Wireless operators, recording studios stand to lose millions of dollars annually because of a rising tide of ring tone theft.

Online sound snippets intended to help market ring tones sold by phone operators and other distributors often are illegally downloaded and used free of charge, a new study found.

Cell phone operators and ring tone sellers typically make available on their Web sites ring tone previews of 15 to 30 seconds. But almost 40 percent of cell phone operators and nearly a third of independent ring tone sellers don't secure the previews, which can be downloaded onto a personal computer, then changed into a usable ring tone, according to the study.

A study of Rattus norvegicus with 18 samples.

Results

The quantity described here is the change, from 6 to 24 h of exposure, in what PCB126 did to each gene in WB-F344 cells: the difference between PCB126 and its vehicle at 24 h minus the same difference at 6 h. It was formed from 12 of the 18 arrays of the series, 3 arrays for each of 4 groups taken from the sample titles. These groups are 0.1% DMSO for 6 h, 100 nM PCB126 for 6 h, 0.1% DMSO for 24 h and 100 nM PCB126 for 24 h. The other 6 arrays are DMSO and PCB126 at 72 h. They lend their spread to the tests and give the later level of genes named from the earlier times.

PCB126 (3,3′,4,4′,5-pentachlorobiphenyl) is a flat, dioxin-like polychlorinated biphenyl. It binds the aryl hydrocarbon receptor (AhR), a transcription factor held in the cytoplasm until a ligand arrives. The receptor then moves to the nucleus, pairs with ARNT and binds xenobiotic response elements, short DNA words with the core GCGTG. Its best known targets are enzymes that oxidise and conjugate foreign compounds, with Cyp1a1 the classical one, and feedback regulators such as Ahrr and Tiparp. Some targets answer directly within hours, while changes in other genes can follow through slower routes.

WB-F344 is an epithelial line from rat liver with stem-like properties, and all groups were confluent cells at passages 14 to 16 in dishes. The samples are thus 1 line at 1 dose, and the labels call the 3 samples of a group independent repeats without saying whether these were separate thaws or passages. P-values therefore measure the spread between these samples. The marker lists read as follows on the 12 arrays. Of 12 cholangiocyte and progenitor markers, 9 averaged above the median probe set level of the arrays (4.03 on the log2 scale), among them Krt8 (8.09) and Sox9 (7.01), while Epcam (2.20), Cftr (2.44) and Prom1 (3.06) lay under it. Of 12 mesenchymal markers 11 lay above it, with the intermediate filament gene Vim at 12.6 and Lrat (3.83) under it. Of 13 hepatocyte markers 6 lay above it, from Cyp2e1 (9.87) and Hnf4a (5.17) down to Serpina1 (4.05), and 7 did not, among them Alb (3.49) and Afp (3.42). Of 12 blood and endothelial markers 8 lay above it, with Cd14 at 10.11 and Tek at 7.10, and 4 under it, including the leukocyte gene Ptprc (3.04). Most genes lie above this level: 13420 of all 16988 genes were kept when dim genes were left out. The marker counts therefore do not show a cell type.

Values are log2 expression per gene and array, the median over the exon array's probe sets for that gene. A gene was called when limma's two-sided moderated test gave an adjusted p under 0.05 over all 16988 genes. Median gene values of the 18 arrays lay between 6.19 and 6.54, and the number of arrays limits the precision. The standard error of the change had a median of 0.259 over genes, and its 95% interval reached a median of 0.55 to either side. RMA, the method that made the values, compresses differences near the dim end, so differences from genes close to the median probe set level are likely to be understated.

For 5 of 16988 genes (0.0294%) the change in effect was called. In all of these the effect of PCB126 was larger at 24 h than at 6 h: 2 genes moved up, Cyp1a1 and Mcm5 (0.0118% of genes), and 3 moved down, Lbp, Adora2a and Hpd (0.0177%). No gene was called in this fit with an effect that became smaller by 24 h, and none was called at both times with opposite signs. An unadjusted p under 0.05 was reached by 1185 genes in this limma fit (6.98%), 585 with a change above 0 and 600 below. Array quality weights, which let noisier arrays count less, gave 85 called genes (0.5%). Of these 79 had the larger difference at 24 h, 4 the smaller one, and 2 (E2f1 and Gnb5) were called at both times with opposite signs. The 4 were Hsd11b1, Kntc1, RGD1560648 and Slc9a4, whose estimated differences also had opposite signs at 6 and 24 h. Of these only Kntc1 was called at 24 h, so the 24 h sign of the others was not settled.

Almost two-thirds of the 100 Web sites checked offered previews that were suitably long to make a ring tone, according to research by Qpass, a digital-content distributor based in Seattle.

Ring tones, recorded sound segments that replace a cell phone's prepackaged ringer, are typically priced at $1 each. Shoplifted ring tones have so far cost cell phone operators and other ring tone sellers about $40 million in lost revenue, while lost revenue from ring tone shoplifting will total $123 million by 2007, the study predicted.

"This is the mobile and cyber equivalent of test-driving a car and then not having to give it back," Qpass senior vice president Steve Shivers said. "The amount of revenue loss to both the mobile and music industries is a concern."

Representatives of the cellular trade organization Cellular Telecommunications and Internet Association did not return calls Wednesday seeking comment on the study. The Recording Industry Association of America, which represents major recording interests, declined to comment.